FDA Orders Juul E-Cigarettes Off U.S. Shelves

The U.S. Food and Drug Administration (FDA) on Thursday announced it would pull Juul e-cigarette products from American shelves in an effort to curb youth vaping.

Regulators said the popular vaping company must remove its Juul e-cigarette device and four types of flavored nicotine pods from the market or face enforcement. The decision doesn’t make the use of Juul vaping products illegal, only their sale.

“Today’s action is further progress on the FDA’s commitment to ensuring that all e-cigarette and electronic nicotine delivery system products currently being marketed to consumers meet our public health standards,” said FDA Commissioner Robert M. Califf.

“The agency has dedicated significant resources to review products from the companies that account for most of the U.S. market. We recognize these make up a significant part of the available products and many have played a disproportionate role in the rise in youth vaping.”

For several years, Juul has fought to keep selling e-cigarettes amid heightened regulatory scrutiny of vaping products and their effects on young people. In 2020, the company applied to keep its products on the market, submitting a trove of studies to the FDA evaluating Juul’s impact on smokers, non-smokers, and children.

Juul is currently the top e-cigarette manufacturer in America, accounting for 42% of all U.S. e-cigarettes sold in 2020. Only two years after launching in 2015, the San Francisco-based startup overtook tobacco giants to become the industry leader. Altria Group, one the of world’s largest tobacco firms and the parent company of Phillip Morris, later acquired 35% of the e-cigarette brand for $12.8 billion in 2018.

Following reports of the imminent ban on Wednesday, Altria shares took a 9% tumble on the New York Stock Exchange after already having fallen more than 13% this year.

The FDA started cracking down on e-cigarettes in 2020, when the agency banned the sale of most fruit and menthol-flavored nicotine vaping products. The new rules threatened regulatory action against companies that don’t take appropriate measures to prevent children from accessing their products.

Last year, a major survey conducted by the Centers for Disease Control (CDC) found that more than 2 million U.S. middle and high school students regularly use e-cigarettes, with a majority (84.7%) using flavored products. The most popular brands were Puff Bar, Vuse, Juul, SMOK, and Suorin. Vaping has sent 2,602 people to the hospital and is linked to 59 deaths in America, according to a tracker from the New York Times.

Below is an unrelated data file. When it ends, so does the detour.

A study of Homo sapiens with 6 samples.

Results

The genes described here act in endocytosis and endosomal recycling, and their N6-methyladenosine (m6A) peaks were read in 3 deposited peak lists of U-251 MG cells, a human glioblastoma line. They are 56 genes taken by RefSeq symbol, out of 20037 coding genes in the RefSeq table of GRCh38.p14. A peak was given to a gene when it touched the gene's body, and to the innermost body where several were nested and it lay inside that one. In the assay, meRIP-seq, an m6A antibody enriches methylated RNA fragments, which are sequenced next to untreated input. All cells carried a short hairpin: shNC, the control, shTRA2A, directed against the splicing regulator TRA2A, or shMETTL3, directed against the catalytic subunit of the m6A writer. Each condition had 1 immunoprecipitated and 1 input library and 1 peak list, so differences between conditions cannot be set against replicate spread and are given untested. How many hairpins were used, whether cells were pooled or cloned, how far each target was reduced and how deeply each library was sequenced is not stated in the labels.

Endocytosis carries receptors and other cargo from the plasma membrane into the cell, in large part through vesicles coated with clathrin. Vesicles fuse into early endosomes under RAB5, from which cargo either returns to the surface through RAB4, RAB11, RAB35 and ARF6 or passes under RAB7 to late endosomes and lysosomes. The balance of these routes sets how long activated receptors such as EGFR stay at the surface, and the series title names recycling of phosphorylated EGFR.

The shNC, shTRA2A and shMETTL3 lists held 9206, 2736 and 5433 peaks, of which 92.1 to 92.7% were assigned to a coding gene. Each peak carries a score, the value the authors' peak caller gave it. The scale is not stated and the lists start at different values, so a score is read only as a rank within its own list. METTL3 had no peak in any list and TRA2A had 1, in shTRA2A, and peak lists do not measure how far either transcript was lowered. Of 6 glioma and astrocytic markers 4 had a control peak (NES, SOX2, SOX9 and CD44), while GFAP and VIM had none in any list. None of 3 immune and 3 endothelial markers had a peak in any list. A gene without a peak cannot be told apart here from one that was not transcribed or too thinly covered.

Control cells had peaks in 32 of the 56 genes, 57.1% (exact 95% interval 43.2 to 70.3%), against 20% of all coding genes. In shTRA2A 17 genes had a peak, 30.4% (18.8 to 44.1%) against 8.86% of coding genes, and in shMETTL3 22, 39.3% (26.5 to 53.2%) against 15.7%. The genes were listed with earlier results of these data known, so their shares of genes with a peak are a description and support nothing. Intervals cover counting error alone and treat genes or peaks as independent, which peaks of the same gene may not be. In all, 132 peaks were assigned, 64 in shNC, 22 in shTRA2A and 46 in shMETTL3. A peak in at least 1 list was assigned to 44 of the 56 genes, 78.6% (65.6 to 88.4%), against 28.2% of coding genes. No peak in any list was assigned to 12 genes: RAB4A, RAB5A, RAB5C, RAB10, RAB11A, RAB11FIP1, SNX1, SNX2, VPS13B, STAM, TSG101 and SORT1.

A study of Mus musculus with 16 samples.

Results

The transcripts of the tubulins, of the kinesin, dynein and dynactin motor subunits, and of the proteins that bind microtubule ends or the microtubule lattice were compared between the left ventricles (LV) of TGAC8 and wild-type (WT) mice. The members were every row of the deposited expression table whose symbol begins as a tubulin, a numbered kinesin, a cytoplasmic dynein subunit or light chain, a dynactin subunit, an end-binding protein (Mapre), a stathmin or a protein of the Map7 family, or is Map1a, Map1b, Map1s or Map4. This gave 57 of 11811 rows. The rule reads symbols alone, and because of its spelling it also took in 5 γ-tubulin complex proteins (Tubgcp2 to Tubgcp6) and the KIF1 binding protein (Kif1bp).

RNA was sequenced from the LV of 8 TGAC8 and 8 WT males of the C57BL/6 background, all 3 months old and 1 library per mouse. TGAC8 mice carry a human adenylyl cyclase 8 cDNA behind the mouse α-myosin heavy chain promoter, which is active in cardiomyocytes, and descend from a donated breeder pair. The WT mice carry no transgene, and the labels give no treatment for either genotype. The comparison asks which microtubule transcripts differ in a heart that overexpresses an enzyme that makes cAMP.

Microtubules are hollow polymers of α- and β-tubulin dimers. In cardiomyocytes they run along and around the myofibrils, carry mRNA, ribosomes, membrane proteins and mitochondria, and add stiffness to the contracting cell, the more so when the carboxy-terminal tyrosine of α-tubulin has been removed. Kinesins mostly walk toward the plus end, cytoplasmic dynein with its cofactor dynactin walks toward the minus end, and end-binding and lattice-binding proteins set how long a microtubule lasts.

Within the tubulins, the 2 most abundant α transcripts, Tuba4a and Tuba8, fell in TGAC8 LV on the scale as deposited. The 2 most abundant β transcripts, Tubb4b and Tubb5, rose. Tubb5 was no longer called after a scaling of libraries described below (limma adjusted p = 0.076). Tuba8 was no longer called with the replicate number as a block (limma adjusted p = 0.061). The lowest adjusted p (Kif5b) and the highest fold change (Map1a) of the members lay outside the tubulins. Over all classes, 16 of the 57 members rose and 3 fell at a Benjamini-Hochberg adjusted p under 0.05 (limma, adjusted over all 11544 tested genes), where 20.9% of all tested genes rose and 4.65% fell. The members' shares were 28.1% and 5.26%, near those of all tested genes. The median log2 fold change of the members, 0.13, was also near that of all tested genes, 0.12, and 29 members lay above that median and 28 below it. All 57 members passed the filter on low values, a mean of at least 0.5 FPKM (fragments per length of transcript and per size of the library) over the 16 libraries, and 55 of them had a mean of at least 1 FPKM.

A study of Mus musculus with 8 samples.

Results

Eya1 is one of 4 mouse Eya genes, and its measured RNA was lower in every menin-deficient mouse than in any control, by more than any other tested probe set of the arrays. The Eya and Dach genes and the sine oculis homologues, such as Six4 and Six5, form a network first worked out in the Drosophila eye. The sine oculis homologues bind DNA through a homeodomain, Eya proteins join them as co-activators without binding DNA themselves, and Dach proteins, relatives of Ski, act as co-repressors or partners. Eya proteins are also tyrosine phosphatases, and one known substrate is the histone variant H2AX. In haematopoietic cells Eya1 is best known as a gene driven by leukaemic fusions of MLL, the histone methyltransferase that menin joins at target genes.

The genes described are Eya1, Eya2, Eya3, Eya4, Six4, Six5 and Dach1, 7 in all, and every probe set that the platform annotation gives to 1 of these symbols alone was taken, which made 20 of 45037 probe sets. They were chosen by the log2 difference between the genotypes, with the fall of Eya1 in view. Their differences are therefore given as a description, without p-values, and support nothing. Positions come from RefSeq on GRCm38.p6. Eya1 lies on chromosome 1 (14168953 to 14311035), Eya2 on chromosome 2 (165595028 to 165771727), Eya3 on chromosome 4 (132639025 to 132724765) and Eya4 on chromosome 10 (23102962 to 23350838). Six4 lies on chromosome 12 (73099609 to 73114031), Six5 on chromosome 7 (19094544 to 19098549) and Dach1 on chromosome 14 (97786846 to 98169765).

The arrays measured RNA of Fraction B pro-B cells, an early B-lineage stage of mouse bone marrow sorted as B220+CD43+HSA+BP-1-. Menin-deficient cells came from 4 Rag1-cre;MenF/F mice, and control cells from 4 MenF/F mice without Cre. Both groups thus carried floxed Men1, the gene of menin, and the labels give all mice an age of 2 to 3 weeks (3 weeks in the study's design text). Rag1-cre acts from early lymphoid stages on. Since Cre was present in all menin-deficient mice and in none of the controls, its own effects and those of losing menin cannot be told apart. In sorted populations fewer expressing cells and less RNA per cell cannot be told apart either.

Until recently, a loophole in U.S. law prevented the FDA from regulating artificial nicotine – commonly found in e-cigarettes and other vaping products. But in March, Congress passed a budget provision to clarify that the federal government has the authority to regulate all forms of nicotine, even synthetic nicotine that isn’t derived from tobacco.

Just one day before news of the ban leaked, the FDA revealed separate plans to put a cap on nicotine levels for traditional cigarettes in a bid to curb youth tobacco use, addiction and smoking deaths.

“Nicotine is powerfully addictive,” said FDA Commissioner Robert Califf. “Making cigarettes and other combusted tobacco products minimally addictive or non-addictive would help save lives.”

Anti-tobacco groups celebrated the Juul ban as a major step towards tackling the well-documented rise in youth vaping over the last decade.

But detractors pointed out that the move is unlikely to stop young people from using e-cigarettes, and could instead push them toward less-regulated vaping products, many of which are imported from China.

Other critics questioned why regulators would pull vaping products like Juul off the market while traditional cigarettes remain legal to buy. Research shows e-cigarettes help people quit traditional cigarettes, and studies from top health institutions have found that vaping, while certainly not harmless, is safer than smoking because it exposes users to fewer toxic chemicals than traditional cigarettes.

Some analysts said cracking down on nicotine during an election year could be a political move by the Biden administration, which has been plagued by low approval ratings.

Senator Dick Durbin (D-IL) on Wednesday slammed the FDA for taking too long to start regulating vaping products. He released a report conducted by his office that found 750,000 children picked up tobacco vaping in the nine months during which the FDA waited to start regulating e-cigarettes.

“For years, the FDA failed to regulate e-cigarettes, and allowed millions of vaping products to illegally enter the market, fueling the youth vaping epidemic,” Durbin said in a press release. “Today, millions of children use e-cigarettes as a result of FDA inaction and our findings underscore the severity of these continued delays.

The news of the ban sent some vaping fanatics rushing to tobacco shops to stock up on Juul e-cigarettes before they’re taken off the market.